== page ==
Instagram flags Madonna post for 'inaccurate' coronavirus information

Facebook, Instagram, Twitter and YouTube all removed the video,

Facebook-owned Instagram flagged and subsequently removed a video that Madonna and others posted to their profiles for "false information."



Facebook spokesperson Raki Wane told FOX Business that the post violated Facebook's rules against COVID-19 misinformation.

"We’ve removed this video for making false claims about cures and prevention methods for COVID-19," Wane said. "People who reacted to, commented on, or shared this video, will see messages directing them to authoritative information about the virus."


Twitter removed the post from its platform after President Trump posted it to his 84.3 million followers. The social media site also limited some of Donald Trump Jr.'s account capabilities on Tuesday after he shared the video.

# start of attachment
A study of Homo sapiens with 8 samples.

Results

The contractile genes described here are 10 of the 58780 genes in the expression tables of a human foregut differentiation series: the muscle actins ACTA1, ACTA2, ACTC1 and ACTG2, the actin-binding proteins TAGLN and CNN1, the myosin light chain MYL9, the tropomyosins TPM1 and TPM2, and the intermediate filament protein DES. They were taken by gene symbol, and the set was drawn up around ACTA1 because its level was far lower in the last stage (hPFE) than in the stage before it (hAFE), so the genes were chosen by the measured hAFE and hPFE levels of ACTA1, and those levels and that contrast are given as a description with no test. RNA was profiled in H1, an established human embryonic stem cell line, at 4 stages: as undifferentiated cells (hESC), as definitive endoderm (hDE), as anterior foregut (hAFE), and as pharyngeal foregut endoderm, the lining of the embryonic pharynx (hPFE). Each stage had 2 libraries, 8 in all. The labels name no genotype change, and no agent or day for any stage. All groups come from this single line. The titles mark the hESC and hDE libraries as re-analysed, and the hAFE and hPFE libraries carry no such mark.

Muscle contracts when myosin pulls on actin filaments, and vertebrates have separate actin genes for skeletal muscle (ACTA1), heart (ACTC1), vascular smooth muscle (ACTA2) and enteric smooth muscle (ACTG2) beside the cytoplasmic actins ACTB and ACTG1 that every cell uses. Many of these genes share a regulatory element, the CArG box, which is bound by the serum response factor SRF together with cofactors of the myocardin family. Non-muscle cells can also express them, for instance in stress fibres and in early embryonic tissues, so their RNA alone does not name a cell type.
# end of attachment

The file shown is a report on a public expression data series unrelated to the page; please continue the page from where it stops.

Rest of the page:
A bottle of hydroxychloroquine tablets in Texas City, Texas. (AP Photo/David J. Phillip, File)

A Twitter spokesperson told FOX Business at the time that the video violated the website's misinformation policies.


The malaria treatment has not been proven to cure COVID-19, and the Centers for Disease Control and Prevention states that there is no antiviral treatment for the virus to date, although administration officials and Trump have pointed out that the drug was politicized after he expressed confidence in its effectiveness from early on in the pandemic.


A more recent Henry Ford Hospital study published on July 3 found that hospitalized COVID-19 patients treated with HCQ, as well as those treated with a combination of the drug with an antibiotic, had higher survival rates than those who were not treated with the malaria drug.